New Multifamily Construction Will Contribute to Vacancies in Certain Markets

Posted on July 25, 2014

The multifamily sector will soon set a record for new construction, with more than 77,000 units delivering in the third quarter, adding to the 200,000-plus units delivered in the prior four quarters, including many still in the lease-up stage. The wave of supply is putting upward pressure on vacancies, which increased by 10 basis points in the second quarter, to 5.5 percent. While this is still low by historical standards, the pressure on the market will only build in the coming quarters.

It is still early in a supply wave that will increase the total stock of the multifamily market by 3.6 percent from 2014 to 2015. The pace of new construction will more than double the market’s historical average and should handily outpace absorption, pushing vacancies back up to 6.0 percent-6.5 percent by the end of 2015.

In the aggregate, this should be enough to slow the pace of rent growth to less than 2 percent annually for the next few years. However, the impact will be far more acute in certain markets. Austin, for example, will see its inventory increase by more than 10 percent between this year and the next, and local market vacancies will likely explode from less than 6 percent to 8.5 percent. In fact, Austin’s supply wave kicked off earlier than in most cities, and if we include 2013 deliveries, the cumulative growth in stock by 2015 will be 15 percent (and vacancies will have risen from a nadir of 4 percent in 2013). Despite a fantastic demand story, the supply pressure on this market will soon show up in falling effective rents and moderate value losses.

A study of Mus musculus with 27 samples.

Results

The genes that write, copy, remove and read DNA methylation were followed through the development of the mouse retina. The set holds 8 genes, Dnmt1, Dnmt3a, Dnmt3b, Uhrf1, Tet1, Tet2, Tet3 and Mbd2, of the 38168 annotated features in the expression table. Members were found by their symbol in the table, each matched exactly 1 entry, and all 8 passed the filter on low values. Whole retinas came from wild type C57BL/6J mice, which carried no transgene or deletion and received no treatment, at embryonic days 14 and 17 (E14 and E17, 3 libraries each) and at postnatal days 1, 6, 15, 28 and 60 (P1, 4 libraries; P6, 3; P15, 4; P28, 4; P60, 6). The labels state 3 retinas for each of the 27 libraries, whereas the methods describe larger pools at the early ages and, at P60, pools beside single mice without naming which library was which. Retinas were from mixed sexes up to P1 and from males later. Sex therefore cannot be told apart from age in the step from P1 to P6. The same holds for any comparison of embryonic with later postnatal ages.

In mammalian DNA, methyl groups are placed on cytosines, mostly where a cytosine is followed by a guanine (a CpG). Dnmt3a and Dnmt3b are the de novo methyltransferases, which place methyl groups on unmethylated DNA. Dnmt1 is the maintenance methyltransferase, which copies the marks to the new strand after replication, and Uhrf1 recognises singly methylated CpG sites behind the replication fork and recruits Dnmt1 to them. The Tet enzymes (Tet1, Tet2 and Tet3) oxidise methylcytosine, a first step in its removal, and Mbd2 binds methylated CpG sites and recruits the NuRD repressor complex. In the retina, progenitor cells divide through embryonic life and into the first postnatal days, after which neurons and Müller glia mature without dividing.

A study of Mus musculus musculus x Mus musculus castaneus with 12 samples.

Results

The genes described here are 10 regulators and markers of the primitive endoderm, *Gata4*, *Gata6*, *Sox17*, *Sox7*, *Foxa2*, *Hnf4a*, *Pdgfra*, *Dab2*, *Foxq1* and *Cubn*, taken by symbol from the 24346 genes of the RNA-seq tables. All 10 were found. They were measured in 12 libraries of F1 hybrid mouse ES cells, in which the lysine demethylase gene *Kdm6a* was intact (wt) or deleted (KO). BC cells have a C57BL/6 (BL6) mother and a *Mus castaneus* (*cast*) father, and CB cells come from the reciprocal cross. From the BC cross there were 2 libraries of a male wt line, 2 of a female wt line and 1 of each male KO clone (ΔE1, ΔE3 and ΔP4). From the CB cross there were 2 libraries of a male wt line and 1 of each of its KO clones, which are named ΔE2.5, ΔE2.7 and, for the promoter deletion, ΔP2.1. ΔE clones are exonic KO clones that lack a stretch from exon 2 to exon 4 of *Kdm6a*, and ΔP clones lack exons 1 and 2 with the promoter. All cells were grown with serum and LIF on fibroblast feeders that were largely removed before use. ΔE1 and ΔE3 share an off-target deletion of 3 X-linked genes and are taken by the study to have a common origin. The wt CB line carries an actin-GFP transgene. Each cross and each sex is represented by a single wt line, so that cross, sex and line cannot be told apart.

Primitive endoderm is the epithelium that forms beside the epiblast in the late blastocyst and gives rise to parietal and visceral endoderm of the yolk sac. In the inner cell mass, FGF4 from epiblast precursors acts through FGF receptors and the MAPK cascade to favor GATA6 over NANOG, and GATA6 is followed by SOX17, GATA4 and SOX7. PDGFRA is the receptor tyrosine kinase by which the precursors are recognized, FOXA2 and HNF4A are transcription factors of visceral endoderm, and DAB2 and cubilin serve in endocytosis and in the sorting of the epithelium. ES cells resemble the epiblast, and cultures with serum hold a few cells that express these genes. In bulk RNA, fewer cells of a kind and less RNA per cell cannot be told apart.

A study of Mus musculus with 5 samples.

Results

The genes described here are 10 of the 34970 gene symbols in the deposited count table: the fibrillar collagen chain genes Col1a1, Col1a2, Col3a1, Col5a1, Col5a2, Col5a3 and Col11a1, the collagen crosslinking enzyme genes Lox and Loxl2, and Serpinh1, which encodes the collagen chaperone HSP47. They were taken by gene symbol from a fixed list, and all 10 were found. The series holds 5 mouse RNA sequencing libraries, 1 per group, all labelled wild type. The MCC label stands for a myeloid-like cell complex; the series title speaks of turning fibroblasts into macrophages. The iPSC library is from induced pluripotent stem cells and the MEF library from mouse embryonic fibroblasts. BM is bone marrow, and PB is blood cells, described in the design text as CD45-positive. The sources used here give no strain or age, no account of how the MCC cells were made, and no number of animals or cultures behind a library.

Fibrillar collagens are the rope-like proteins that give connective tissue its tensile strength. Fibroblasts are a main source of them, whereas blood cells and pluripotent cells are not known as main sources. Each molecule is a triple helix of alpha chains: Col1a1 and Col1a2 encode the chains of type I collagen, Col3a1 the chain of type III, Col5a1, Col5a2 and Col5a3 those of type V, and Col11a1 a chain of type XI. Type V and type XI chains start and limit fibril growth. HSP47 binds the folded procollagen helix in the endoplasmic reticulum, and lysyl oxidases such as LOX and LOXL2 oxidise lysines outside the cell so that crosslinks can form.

Austin is not the only outlier: Seattle, Raleigh and Charlotte, N.C. will also see multifamily inventory jump by 10 percent from 2014 to 2015, and Denver, Colo., Salt Lake City, Utah, Nashville, Tenn. and San Antonio, Texas will not be far behind. Larger markets, including Houston, will also see unprecedented growth of 7-plus percent during this time period, and vacancies are likely to climb by three percentage points as a result.

There are other markets where new supply is not as shocking, and perhaps some might benefit from more supply. So in that sense, there is room left in the development cycle. But for markets highlighted here, the multifamily development wave is cresting and market pricing will likely soon shift as a result.